Chemical Vapour Deposition (CVD) is a process where the chemical reactions of gaseous radicals form solid molecules which are deposited on a surface. In Plasma-Enhanced CVD (PECVD), a plasma contributes to the production of radicals from gas (or vapour) precursors which react to form the solid molecules that are deposited on a (typically) heated surface. The advantages of the plasma are that it reduces the required temperature of the surface and modulation of the plasma density can be used as a tool to change the structure of the deposited film. CVD-based processes are conformal coating processes and allow deposition on structures having 3D topography.
CVD-based reactors are configured as "Hot Wall" or "Cold Wall" reactors. Controlling the wall temperature allows for the prevention or minimization of vapour condensation on reactor walls. The substrate or the workpiece holders are heated to sufficiently high temperature to optimize the molecular disintegration of gases and vapours and reactive formation of solid coatings.
Metal-Organic CVD (MOCVD) reactors use Metalorganic precursors as the main reactive source in the CVD process.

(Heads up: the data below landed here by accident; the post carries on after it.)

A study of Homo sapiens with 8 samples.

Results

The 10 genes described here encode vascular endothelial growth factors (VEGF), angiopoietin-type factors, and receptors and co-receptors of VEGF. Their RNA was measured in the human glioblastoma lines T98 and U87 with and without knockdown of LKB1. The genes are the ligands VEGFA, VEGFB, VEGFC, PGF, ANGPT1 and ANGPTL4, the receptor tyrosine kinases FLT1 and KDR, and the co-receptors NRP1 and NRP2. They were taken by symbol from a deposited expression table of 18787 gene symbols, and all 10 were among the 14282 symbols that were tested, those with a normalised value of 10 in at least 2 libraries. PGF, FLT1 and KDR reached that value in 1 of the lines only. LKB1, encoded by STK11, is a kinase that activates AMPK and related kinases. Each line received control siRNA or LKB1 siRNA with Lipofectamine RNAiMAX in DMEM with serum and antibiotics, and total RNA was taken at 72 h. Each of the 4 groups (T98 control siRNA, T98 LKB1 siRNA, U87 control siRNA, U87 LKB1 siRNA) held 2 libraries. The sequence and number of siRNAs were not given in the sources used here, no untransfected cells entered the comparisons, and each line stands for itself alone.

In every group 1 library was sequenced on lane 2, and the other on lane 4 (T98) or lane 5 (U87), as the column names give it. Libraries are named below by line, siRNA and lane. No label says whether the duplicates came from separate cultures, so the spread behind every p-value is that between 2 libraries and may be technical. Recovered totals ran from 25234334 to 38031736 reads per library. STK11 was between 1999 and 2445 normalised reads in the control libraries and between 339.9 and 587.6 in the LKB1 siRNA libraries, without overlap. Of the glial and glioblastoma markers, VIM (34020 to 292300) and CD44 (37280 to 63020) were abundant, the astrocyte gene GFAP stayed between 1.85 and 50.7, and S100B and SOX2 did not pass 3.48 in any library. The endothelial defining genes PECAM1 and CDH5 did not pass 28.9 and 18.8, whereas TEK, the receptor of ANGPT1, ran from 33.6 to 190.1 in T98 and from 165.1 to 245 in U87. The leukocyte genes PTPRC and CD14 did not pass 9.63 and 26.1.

Atomic Layer Deposition (ALD) is essentially a pulsed CVD process in which the reaction typically takes place as result of two subsequent pulses of two reactive precursors and gases or vapors. This allows for mono-layer control accuracy.
PECVD and PE-ALD Reactors
PECVD reactors, like their CVD counterparts are configured as "Hot Wall" or "Cold Wall" reactors. Depending on the application, inductively or capacitively coupled plasmas are used to assist in breaking down the precursor molecules. The substrate or the workpiece holders are typically heated to a sufficiently high temperature (which is lower than in a standard CVD system due to the plasma's contricbution to radical formation) and biased (in the case of a capacitively coupled plasma) to optimize the molecular disintegration of gases and vapors and reactive formation of solid coatings.